Awards for plankton imaging system and digital twins
GEOMAR honours new and innovative methods in marine research
Monitoring the ocean and the organisms which live in it is one of the great challenges to be met by modern ocean science. Only if we know about the processes taking place in the ocean, we will be able to detect changes, assess their consequences and potentially take countermeasures or adapt our policies.
Appropriately, with the 2020 Innovation Awards – the presentation of which, due to the Corona Pandemic, had to be postponed to this year – the GEOMAR technology transfer office is honouring two projects which may bring key advancements to ocean monitoring. “I warmly congratulate the winners on their great work and ideas, which have already attracted interest outside GEOMAR”, says Dr. Warner Brückmann, head of the technology transfer office.
The projects which have been awarded are:
'All-in-focus' plankton imaging system
To the naked eye, plankton is barely visible. It consists out of microscopically small organisms, some of which are very fragile. Even today, examinations of plankton in the ocean are mostly carried out just like they were 100 years ago – by catching specimens in nets and then performing time-consuming microscopical analyses. For some years, however, scientists have been using underwater camera systems to document plankton organisms in their natural habitat. Yet, image-based analysis of these microscopic creatures still bears a lot of challenges: On the one hand, optical methods that are fit for classification of plankton will require a very high resolution (optical enlargement), which entails a drastic reduction of the depth of field. On the other hand, as concentrations of plankton in the ocean are often very low, plankton monitoring requires large sampling volumes. This, however, calls for a good depth of field.
Working within the GEOMAR junior research group “Plankton Imaging“, Jan Taucher and his colleagues Anton Theileis, Veit Dausmann and Lars Jurkat from the GEOMAR Research Centre for Ocean Research Kiel succeeded in developing an optical method to take high-resolution images of plankton with a very large depth of field. For this purpose, the team’s ‘all-in-focus’ plankton imaging system combines novel high-speed liquid lenses with a special optical imaging technique. The newly developed plankton camera system brings a great advance in imaging quality and sample volume and thus enables scientists to study plankton in much greater detail than previously possible.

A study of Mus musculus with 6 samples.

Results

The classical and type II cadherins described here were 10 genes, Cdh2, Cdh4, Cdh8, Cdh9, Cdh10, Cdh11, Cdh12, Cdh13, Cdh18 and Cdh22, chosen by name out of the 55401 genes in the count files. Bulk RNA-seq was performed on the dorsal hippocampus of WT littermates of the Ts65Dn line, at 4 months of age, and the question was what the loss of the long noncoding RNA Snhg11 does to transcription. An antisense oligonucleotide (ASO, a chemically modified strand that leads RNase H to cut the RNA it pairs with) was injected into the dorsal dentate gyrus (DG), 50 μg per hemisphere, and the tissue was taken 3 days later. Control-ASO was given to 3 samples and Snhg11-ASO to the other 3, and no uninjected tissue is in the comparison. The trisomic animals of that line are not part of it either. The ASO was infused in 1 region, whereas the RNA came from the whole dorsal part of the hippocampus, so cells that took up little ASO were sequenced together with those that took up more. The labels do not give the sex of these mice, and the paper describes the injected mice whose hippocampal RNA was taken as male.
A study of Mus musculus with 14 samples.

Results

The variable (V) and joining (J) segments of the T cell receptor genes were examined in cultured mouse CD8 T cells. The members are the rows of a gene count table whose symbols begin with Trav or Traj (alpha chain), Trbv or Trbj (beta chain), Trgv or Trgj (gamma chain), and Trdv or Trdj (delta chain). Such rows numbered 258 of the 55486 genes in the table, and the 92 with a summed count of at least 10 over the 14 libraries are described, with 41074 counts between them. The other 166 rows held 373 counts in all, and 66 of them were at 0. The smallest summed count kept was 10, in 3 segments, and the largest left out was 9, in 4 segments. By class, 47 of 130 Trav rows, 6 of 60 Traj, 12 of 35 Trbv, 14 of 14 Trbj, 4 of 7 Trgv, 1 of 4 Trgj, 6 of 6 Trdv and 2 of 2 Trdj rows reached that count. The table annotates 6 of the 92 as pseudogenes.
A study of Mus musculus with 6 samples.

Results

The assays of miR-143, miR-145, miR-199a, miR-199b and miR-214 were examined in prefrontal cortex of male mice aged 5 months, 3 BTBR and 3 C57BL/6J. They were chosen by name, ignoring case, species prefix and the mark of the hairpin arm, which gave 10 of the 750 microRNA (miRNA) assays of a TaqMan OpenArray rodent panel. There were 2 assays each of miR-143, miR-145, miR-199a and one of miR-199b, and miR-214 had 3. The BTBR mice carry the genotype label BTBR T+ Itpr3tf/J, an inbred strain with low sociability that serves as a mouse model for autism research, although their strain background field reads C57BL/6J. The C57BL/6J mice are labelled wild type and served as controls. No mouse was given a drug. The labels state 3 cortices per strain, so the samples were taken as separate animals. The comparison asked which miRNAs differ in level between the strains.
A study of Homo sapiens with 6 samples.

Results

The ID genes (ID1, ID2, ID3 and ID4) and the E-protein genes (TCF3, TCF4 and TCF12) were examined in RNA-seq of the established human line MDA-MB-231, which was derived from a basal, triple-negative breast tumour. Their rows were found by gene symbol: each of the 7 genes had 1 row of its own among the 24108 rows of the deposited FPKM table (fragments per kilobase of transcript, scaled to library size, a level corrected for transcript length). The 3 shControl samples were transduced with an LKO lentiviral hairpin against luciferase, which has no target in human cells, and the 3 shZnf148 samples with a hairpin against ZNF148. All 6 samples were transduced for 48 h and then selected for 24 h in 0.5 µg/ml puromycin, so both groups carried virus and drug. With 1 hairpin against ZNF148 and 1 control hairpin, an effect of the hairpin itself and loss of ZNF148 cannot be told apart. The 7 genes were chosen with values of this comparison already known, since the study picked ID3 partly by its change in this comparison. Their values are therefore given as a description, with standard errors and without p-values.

The instrument was successfully deployed for the first time during a research cruise off the Norwegian coast at the beginning of this year. In the upcoming years, it will be used to collect high-quality data on the distribution of plankton in the oceans. This innovation is already protected as a utility model, a patent is pending.
Digital Twins Framework
Working within the Helmholtz Future Topic project ARCHES (Autonomous Robotic Networks to Help Modern Societies), Alexander Barbie and Niklas Pech from the GEOMAR Helmholtz Centre for Ocean Research Kiel in collaboration with the Alfred Wegener Institute Helmholtz Centre for Polar and Marine Research (AWI) created a software framework for developing and running digital twins. Digital twins are an approach which was taken from the internet of things, to which they are a further extension. A digital twin is a digital model of an object that physically exists, e.g. a deep sea tool or even a whole ocean bottom monitoring system. The digital twin reflects the status or the processes of the physical twin and records the development of the physical twin through time.
More practically said, this means that an ocean bottom monitoring system that is deployed under water is connected with its corresponding digital model which is located on a ship, and that there is a regular exchange of data. Thus, scientists will be able to check sensor data and the status of an ocean bottom monitoring system any time from the ship, and that possible scenarios can be tested on the digital twin before commands are sent to the physical system. Furthermore, using artificial intelligence, tasks which consume a lot of energy such as analyses and prognoses can be relocated from the ocean bottom monitoring system to the digital twin for faster and less energy-consuming calculation.
The whole framework is based on open source technologies. It was successfully tested in October 2020 in the Bocknis Eck (Eckernfoerde Fjord) working area. Here, for the first time, a hydroacoustic, cordless, cooperating network of several ocean bottom monitoring systems run by GEOMAR and AWI was established.
“I am very pleased about the highly innovative developments achieved by those two working groups“, says Professor Dr. Katja Matthes, Director of GEOMAR. “Innovative technical solutions are, on the one hand, important drivers for advancements in marine science. On the other hand, they offer opportunities for the transfer of this technology to commercial usability”, Matthes continues.
The GEOMAR Innovation Awards were launched in 2018. They were created to honour outstanding technical innovations which have a lasting effect on GEOMAR's scientific work. There are two categories: single inventor and team. Focus is put on truly original ideas as well as the possibility of utilization in the context of technology transfer. Each of the awards carries a value of € 6.000.